Causes of injury and the properties of materials - NAIJAON


Causes of injury and the properties of materials


This chapter provides a background to the biomechanical reasons why injuries
occur and an understanding of the properties of materials, including some of
the factors that can modify the behaviour of biological materials. After reading
this chapter you should be able to:

• list the biomechanical reasons why injuries occur in sport
• define the load and tissue characteristics involved in injury
• define and explain the mechanical properties of non-biological materials
that are important for sports injury
• explain viscoelasticity and its significance for biological materials
• describe the composition and biomechanical properties of bone and its
behaviour under various forms of loading
• understand the composition and biomechanical properties of cartilage,
ligament and tendon
• explain muscle elasticity, contractility, the generation of maximal force
in a muscle, muscle activation, muscle stiffness and the importance of
the stretch-shortening cycle
• describe how various factors—immobilisation, age and sex, steroids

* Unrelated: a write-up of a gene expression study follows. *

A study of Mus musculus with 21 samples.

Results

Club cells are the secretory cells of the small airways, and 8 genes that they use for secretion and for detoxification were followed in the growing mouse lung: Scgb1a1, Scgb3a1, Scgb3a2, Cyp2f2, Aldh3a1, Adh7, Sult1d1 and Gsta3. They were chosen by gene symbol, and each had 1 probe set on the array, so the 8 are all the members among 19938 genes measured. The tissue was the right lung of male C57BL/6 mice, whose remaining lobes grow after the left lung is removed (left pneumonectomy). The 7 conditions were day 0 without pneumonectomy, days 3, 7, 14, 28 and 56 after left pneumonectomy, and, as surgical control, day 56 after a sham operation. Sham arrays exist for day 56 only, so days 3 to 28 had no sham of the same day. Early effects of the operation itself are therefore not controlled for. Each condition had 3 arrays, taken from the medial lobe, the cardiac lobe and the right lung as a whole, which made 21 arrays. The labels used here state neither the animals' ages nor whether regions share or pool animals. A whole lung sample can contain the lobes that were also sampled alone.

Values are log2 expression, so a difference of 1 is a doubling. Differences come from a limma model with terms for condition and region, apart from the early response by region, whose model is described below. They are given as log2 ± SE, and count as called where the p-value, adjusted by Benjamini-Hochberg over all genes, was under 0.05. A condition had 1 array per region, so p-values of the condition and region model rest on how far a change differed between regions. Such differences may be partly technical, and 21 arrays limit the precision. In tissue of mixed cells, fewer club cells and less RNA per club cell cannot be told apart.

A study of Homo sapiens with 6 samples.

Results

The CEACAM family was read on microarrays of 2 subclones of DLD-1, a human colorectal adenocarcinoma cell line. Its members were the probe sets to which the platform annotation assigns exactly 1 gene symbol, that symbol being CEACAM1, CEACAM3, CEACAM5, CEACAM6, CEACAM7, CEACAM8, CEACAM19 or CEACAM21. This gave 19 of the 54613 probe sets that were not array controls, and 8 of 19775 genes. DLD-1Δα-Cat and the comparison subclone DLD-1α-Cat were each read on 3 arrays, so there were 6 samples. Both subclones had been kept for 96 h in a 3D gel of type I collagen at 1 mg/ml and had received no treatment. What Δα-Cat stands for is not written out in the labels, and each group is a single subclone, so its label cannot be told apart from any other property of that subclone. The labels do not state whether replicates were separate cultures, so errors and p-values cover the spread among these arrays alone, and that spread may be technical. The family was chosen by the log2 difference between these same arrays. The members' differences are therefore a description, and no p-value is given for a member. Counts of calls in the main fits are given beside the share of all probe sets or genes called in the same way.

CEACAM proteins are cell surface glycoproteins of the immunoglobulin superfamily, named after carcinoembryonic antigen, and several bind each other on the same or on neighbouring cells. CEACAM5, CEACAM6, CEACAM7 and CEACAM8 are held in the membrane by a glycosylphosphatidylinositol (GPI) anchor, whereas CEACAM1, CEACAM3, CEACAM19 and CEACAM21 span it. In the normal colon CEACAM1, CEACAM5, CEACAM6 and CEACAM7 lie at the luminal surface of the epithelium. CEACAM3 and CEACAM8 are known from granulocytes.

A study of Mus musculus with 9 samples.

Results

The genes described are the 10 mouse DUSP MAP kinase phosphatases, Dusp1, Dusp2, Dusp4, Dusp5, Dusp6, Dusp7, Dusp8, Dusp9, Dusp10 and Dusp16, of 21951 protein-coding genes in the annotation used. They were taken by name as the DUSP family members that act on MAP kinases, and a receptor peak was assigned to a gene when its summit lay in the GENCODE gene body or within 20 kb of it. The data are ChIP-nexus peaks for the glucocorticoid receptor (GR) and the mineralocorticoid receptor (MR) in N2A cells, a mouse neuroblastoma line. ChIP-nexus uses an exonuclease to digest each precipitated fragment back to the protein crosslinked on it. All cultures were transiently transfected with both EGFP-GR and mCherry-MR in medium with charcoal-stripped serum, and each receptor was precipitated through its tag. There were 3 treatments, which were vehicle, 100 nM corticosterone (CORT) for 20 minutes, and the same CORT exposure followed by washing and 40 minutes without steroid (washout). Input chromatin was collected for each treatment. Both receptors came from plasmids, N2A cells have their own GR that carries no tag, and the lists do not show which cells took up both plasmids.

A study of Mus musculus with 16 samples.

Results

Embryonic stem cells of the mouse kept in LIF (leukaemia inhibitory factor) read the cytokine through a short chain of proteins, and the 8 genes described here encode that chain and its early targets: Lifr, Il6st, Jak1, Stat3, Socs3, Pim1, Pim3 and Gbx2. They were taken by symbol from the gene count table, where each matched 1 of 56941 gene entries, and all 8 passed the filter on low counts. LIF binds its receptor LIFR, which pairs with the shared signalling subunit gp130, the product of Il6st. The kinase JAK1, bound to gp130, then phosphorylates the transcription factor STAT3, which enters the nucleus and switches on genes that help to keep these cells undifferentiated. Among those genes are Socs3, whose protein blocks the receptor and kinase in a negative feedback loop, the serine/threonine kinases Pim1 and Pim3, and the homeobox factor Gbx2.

and exercise—affect the properties of biological tissue.

Injury can be defined as follows: Injury occurs when the load applied to a
tissue exceeds its failure tolerance. Sports injuries are, for the purpose of this
book, considered to be any injury resulting from participation in sport or
exercise that causes either a reduction in that activity or a need for medical
advice or treatment. Sports injuries are often classified in terms of the activity
time lost: minor (one to seven days), moderately serious (eight to 21 days) or
serious (21 or more days or permanent damage). Competing at a high standard
increases the incidence of sports injuries, which are also more likely during
the growth spurt in adolescence. Not surprisingly, contact sports have a greater
injury risk than non-contact ones; in team sports more injuries occur in matches
than in training, in contrast to individual sports (van Mechelen, 1993).